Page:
Not Rated | | Drama, Thriller | 16 April 1977 (USA)
After a senator suddenly dies after completing (and sealing) an investigation into the nuclear power industry, the remaining senator and the state governor must decide on a person who will ... See full summary »

Director:

(as T.C. Frank)

Writers:

(as Frank Christina), (as Teresa Christina) | 2 more credits »

Cast overview, first billed only:
...
...
...
Sen. Joseph Paine
Teresa Kelly ...
Carol (as Teresa Laughlin)
...
Bailey
...
Gov. Hubert Hopper (as Richard Gautier)
Michael Irving ...
McGhan
J. Diana Lewis
Peter Donat ...
Ralph Butler
...
Senator Joe Foley
Kathy Cronkite
Dennis O'Flaherty
Julie Webb
Carla Borelli
...
(as Russell Lane)

After a senator suddenly dies after completing (and sealing) an investigation into the nuclear power industry, the remaining senator and the state governor must decide on a person who will play along with their shady deals and not cause any problems. They decide on Billy Jack, currently sitting in prison after being sent to jail at the end of his previous film, as they don't expect him to be capable of much, and they think he will attract young voters to the party. Billy is pardoned, released and nominated, after which he begins his duties. He soon notices that things aren't right, and starts trying to find out just what is going on. Written by Jean-Marc Rocher <rocher@fiberbit.net>

Plot Summary | Plot Synopsis

Taglines:

The most dangerous Billy Jack of all!

Genres:

Drama | Thriller

Certificate:

Not Rated

Official Sites:

Country:

Language:

Release Date:

16 April 1977 (USA)  »

Also Known As:

Billy Jack, i astrapi tou karate  »

Company Credits

Production Co:

 »
Show detailed on  »

Technical Specs

Runtime:

| (DVD)

Sound Mix:

Color:

Aspect Ratio:

1.33 : 1

Trivia

Suzanne Somers originally had a more extensive part in this film. It was cut prior to the film's release. See more »

Quotes

Jean Roberts: You did it... no matter what anybody says about you now, you did it. And you didn't have to even once take off your boots!
See more »

Connections

Follows The Trial of Billy Jack (1974) See more »

Soundtracks

One Tin Soldier
Written by Dennis Lambert and Brian Potter
Performed by Teresa Kelly (as Theresa Laughlin)
See more »

Frequently Asked Questions

See more (Spoiler Alert!) »

User Reviews

 
The Billy Jack Franchise Pursues the Wrong Idea
6 September 2011 | by (United States) – See all my reviews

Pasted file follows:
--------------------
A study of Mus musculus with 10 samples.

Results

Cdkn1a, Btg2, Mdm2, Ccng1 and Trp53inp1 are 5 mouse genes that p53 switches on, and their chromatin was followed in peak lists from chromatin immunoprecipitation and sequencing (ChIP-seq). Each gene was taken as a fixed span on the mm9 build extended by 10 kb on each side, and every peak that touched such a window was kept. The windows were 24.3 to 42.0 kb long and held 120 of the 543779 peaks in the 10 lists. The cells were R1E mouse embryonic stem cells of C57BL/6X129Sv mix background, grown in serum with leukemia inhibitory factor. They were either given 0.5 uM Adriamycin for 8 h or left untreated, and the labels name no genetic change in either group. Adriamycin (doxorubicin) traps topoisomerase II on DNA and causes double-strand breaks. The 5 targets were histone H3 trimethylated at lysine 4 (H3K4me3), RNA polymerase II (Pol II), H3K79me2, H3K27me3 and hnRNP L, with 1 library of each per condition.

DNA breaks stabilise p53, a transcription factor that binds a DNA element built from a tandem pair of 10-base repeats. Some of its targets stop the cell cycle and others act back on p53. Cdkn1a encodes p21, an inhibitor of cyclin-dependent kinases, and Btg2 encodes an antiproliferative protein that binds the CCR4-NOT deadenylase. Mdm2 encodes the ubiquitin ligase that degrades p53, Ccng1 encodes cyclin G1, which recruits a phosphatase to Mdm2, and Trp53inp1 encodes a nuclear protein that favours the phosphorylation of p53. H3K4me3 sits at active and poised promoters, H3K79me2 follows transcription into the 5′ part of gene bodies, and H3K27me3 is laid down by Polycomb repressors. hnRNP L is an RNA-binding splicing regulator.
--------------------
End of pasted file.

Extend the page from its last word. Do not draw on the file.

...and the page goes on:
I remember, as a kid, running into a bit of advance promotion on "Billy Jack Goes to Washington" in one of my teen magazines and readying myself for its release. It never came to my town, though it did surface elsewhere and quickly died; for myself, I would have to wait something like 23 years to see it, and then on a gray market VHS video version which did contain the complete film. It is an almost fully literal remake of "Mr. Smith Goes to Washington" made in full cooperation with Frank Capra, with Laughlin in his Billy Jack character taking the place of James Stewart. The budget on this project was miserly compared to what was needed, and it consists mainly of long and medium distance master shots in long takes; it isn't visually very interesting and cannot help but be boring. The excellent cast plays the property professionally, but invariably the piece comes off like a sub-TV Movie of the Week affair, and way too long. I haven't seen the re-edited version for DVD, but I would think that reducing the film's length would reduce comprehension of the story as well. Nevertheless, it is to be preferred over the bathetic and ridiculous "The Trial of Billy Jack," which can be seen as reflecting the screeching halt of the 60s counterculture; "Billy Jack Goes to Washington" may likewise reflect their attempt as reintegration into the system, but that's a bit of a stretch. The 70s were not the 30s; with the Watergate matter, Americans -- for the first time -- tasted widespread contempt of the full U.S. government including the executive branch. The Laughlins failed to take advantage of that, retelling the 1930s tale as it was, with little embellishment or updating. The Billy Jack character was a significant cultural component to the era in which he thrived; it's a shame that, past a certain point, the Laughlins were unable to find the right venue for Billy Jack to continue in, having lost sight of his pioneering martial arts appeal and his roots in the Western. If they needed to remake a classic, it should have been something like "The Tin Star."